Province still not doing enough to protect taxpayers from big loans, auditor general finds

New Brunswick is still not doing enough to collect on money it is owed or to protect taxpayers from large loans going bad, despite hard lessons from the past, Auditor General Kim MacPherson said in her latest report to the legislature.

Raising the spectre of Atcon — the Miramichi company run by Robert Tozer that went bankrupt in 2010 costing the province $70 million in lost loans and guarantees — MacPherson said some changes that failure should have triggered in provincial lending policies have not been acted on.

"I am deeply concerned that the essence of some Atcon recommendations have not been implemented," MacPherson wrote in her report, released on Tuesday.

As an example, MacPherson highlighted how the province has accepted a $25 million personal guarantee from Nova Scotia businessman John Bragg to help secure provincial government loans for the establishment of blueberry and vegetable processing facilities in northern New Brunswick without independently verifying Bragg's ability to pay on the commitment.

Bragg is regularly referred to in media reports as a billionaire, and the province did receive separate assurances from his company's auditors and company treasurer of Bragg's personal net worth, but not to the extent MacPherson says is required.

The plants have been built and payments being made on them are current, but MacPherson said the $64.5 million the province has loaned Bragg's companies to build the processing facilities, and the experience of the Atcon failure, require the province follow lending rules precisely.

"In 2015, we recommended that when personal guarantees are provided, the province ensure there is adequate evidence to support the value of the personal assets such that there is sufficient net worth to safeguard taxpayers' money," MacPherson said.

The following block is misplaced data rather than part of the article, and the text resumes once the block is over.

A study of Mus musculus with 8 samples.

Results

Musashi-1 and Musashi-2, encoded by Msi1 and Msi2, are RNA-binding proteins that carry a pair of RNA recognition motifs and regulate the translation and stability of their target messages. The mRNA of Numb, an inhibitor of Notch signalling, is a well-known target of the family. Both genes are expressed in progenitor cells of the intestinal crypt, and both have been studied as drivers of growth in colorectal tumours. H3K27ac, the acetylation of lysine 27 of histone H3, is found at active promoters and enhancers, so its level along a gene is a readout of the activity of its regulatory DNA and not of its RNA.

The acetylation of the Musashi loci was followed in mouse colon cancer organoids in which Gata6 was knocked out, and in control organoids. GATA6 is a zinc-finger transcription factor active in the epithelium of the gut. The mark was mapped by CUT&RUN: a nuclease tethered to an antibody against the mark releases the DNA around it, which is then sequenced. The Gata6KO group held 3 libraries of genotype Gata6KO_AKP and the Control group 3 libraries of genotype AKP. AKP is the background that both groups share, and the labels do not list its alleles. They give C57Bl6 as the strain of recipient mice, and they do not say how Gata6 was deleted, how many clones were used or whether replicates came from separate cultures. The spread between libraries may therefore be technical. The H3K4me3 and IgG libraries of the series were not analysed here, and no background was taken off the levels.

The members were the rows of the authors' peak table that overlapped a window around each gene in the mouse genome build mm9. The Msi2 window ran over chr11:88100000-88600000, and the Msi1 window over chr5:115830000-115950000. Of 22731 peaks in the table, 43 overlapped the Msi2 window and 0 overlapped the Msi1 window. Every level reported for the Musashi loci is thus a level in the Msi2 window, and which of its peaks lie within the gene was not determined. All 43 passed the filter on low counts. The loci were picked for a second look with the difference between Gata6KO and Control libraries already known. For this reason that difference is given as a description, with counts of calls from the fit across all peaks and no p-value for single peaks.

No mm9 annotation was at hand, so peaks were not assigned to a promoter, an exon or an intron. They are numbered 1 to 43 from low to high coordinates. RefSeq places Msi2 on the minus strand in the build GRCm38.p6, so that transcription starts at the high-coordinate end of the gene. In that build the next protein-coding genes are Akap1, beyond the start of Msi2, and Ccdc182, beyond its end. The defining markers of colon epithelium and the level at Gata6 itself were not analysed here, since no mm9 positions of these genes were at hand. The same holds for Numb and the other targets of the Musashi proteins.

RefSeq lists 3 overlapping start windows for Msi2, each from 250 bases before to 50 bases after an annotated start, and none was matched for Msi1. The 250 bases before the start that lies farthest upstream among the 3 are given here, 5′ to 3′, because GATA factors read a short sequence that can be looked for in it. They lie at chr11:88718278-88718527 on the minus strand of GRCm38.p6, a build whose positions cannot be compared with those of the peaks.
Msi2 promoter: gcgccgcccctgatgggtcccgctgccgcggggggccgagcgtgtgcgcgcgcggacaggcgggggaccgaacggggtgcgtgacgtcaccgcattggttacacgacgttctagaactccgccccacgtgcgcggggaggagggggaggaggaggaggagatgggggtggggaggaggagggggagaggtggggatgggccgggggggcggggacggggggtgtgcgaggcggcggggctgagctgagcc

"Given the Province's recent difficulties in collecting on the personal guarantee in the Atcon case, stronger measures should be applied to all personal guarantees to avoid similar scenarios in the future."

In a separate but related report, MacPherson also renewed her call for the province to improve its collection of debts, including on loans that are not being repaid, or alternatively to write off amounts it knows it will never collect.

MacPherson has complained regularly since 2013 that the province allows too many of its receivables, including taxes, loans and other amounts owed, to fall into arrears without taking action.

$116M in property tax overdue

She said this year property taxes overdue for more than 12 months have grown to $116 million, a 17 per cent increaseover the last five years, and need to be dealt with.

She also questioned why the province has taken no action to recover $15 million it sent to various First Nations in error prior to 2016 by miscalculating the revenue-sharing formula that governs video lottery terminals.

"We again recommend the Department of Finance and Treasury Board and [New Brunswick Lotteries and Gaming Corp.] resolve recovery of the unauthorized overpayments made to First Nations prior to January 1, 2016, as a result of an error in the calculation of gaming revenue," said MacPherson.

"We again recommend Service New Brunswick develop a strategy to collect overdue property tax accounts."

For debts it can't or won't recover, MacPherson said the province needs to stop presenting them as accounts receivable.

$295M in loans 'uncollectible'

Her report showed $295 million in provincial government loans, 34 per cent, are considered uncollectible, including 55 per cent of loans by Opportunities New Brunswick to business.

Those unpaid taxes and other monies owed to government that are considered to be lost should be presented that way, she said.

"At a minimum, accounts receivable and loans receivable balances beyond the limitations specified in the Limitation of Actions Act should be written off," she said.